In 1935 around three thousand cane toads were released in order to control the cane beetles that were destroying the sugarcane in North Queensland, Australia.
Unfortunately, the beetles were still chewing the canes and the toads were multiplying faster than one could keep count. The three thousand have now turned into millions that inhabit thousands of square miles. Not only are they a nuisance, they are poisonous to other animals.
The grumpy looking amphibians are native to Central America, the southern United States and the warmer regions of northern South America.
According to nationalgeographic.com, the cane toad (Rhinella marina) is about four to six inches long and weighs just over two pounds. They can be different shades of brown, tan and even grey. They live from five to ten years in the wild and have very large families with the females laying thousands of eggs.
There are no predators in Australia to keep them under control and they are overwhelming the population of native toads. The toads will eat just about everything including other predators, snakes, birds, small mammals, other frogs and toads, food scraps and dog food.
They have parotid glands on their backs near the shoulders and when frightened they secrete a milky liquid called bufotoxin that can cause convulsions, loss of coordination and cardiac arrest often leading to the death of a dog or cat.
Humans can suffer painful skin irritation and burning sensations in their eyes. Eating the toad or its eggs can kill as the poisons affect the heart and central nervous system.
In 1955 a pet dealer was bringing some toads into Florida and about one hundred of them escaped, according to smithsonianmag.com.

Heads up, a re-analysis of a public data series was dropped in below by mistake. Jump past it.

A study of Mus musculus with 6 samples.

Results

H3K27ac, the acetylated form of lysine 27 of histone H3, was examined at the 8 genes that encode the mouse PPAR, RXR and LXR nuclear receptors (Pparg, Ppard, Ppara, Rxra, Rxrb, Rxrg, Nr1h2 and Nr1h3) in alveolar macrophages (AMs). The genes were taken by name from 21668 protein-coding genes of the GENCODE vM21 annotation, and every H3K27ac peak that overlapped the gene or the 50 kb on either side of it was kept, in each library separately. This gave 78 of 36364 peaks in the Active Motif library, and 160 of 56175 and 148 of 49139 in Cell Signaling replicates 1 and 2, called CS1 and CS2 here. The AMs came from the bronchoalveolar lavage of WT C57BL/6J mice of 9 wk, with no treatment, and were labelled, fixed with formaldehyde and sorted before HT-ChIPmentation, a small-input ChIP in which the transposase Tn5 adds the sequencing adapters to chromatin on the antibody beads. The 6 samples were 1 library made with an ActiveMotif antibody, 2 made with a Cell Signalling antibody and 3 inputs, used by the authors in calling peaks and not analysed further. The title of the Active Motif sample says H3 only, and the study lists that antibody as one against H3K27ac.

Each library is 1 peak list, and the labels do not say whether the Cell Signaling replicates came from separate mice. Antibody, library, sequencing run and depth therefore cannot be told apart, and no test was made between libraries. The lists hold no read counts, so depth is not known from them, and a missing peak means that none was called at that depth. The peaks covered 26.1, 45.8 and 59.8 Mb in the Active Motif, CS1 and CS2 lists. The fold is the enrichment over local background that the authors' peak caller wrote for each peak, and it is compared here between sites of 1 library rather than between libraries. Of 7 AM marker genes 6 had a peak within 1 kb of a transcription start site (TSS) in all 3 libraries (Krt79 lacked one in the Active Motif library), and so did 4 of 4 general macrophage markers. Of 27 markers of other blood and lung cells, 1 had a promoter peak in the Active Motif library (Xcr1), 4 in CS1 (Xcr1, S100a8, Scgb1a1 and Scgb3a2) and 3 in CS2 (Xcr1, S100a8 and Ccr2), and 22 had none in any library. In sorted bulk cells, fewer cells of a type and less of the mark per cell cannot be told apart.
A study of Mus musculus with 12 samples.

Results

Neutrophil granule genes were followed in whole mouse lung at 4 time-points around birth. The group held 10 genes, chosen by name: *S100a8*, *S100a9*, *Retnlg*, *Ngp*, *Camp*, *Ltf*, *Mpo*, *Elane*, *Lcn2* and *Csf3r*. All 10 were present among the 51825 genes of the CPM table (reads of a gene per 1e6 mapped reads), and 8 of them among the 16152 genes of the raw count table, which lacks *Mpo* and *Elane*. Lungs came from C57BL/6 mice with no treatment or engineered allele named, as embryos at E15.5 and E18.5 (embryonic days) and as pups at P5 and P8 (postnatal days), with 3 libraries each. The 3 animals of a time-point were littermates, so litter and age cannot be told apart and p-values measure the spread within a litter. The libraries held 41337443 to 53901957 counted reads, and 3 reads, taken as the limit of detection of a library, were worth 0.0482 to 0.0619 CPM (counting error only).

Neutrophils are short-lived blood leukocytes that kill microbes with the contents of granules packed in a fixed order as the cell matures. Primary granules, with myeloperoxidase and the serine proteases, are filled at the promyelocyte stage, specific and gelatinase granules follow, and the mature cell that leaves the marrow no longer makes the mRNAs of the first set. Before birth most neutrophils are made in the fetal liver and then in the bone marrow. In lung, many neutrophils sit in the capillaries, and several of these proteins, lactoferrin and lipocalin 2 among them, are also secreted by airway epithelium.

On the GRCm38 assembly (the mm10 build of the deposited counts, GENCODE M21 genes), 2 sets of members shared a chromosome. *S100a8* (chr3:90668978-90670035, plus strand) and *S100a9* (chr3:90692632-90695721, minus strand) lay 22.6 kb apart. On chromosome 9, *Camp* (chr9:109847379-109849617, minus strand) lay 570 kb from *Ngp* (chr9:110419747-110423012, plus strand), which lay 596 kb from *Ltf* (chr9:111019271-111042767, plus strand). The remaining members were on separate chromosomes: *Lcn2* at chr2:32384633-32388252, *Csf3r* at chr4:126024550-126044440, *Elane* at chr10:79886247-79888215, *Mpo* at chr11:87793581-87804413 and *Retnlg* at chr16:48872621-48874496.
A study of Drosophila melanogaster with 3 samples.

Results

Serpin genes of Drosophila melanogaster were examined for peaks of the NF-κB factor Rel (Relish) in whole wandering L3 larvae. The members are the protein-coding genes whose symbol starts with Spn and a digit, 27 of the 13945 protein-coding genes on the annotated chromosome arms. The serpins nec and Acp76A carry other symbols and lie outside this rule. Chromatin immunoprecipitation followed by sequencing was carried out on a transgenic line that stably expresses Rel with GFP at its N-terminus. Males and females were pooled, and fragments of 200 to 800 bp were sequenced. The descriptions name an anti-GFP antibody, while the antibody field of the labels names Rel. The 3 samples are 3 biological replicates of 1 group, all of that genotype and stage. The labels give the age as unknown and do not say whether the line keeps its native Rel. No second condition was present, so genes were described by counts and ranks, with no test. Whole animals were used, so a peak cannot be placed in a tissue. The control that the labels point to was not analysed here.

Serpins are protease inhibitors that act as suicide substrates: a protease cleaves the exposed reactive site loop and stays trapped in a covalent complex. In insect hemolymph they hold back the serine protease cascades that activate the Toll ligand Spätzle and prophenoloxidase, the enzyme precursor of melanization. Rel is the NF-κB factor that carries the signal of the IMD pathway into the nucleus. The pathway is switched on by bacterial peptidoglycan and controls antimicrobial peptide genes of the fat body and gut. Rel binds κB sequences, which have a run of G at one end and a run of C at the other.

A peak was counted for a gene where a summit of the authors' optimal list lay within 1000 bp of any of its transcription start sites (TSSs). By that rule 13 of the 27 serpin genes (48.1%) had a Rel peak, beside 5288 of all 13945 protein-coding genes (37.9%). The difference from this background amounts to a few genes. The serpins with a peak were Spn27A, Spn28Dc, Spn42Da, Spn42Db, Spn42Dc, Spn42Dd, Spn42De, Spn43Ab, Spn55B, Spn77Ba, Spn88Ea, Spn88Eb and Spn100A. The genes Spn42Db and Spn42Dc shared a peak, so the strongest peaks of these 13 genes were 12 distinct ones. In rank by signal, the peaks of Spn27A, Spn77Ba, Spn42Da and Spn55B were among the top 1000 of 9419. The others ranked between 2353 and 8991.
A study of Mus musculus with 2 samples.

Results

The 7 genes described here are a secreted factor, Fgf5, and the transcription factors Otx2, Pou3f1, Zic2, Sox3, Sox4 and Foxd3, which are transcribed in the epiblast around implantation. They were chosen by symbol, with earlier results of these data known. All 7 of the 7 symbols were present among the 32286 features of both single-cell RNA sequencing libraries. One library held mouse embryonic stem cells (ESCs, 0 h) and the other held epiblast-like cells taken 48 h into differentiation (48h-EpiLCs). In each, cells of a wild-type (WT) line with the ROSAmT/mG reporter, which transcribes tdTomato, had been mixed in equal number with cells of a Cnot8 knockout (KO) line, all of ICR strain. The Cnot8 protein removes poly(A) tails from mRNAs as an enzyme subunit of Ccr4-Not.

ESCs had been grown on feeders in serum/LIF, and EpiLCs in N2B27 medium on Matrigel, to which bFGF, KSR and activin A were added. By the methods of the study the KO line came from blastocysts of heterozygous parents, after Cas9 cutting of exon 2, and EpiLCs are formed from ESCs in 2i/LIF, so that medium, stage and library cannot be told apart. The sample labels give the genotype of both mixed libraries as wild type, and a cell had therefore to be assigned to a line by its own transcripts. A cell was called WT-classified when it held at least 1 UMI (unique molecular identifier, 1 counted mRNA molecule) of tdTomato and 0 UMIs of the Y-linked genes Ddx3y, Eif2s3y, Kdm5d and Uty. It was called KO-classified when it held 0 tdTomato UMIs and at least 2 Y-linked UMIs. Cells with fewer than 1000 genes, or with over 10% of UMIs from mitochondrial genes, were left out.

The 2019 mild winter and 2020 wet spring in Palm Beach, Florida has allowed thousands of juvenile toads to hatch from ditches, canals, ponds and rivers covering the ground and streets enough that residents are afraid to go out to their yards and swimming pools especially if they have pets.
Mark Holladay who is a technician with the Palm Beach extermination service, Toad Busters, remarked, “There will be another influx like this in twenty two days when the next batch hatches out, and this is in every community in Florida.”
According to myfwc.com, the Florida Fish and Wildlife Conservation Commission is giving out instructions and posting videos of how the public can humanely capture and euthanize the invasive toads.
Capture and release in another area is not allowed and if the homeowner is unable to remove the toads, they can enlist the services of wildlife trappers such as Toad Busters.
The advised way to euthanize is to apply twenty percent benzocaine toothache gel or sunburn spray on the toad’s lower belly and wait a few minutes for the toad to lose consciousness. Once that has happened it is advised that the toad should be placed in a sealed plastic bag and put in the freezer for about two days.
The American Veterinary Medical Association does not endorse this method saying, “Hypothermia is considered an unacceptable method of euthanasia for amphibians and reptiles because it does not result in immediate and irreversible death.” Their acceptable methods include inhaled anesthetics, injections and immersion.
To discourage the toads from entering a yard, residents are advised to keep their grass short, use yellow bug lights, clear away any brush piles and fill up any holes where the toads can hide.
Keep shrub and evergreen tree branches off the ground and remove any type of clutter. If the toad is a pet and the owners wish to surrender it, the Florida Fish and Wildlife Conservation Commission has a program called the Exotic Pet Amnesty Program to keep owners of any exotic pet from releasing it into the wild unless it was captured in the wild and is not a native species.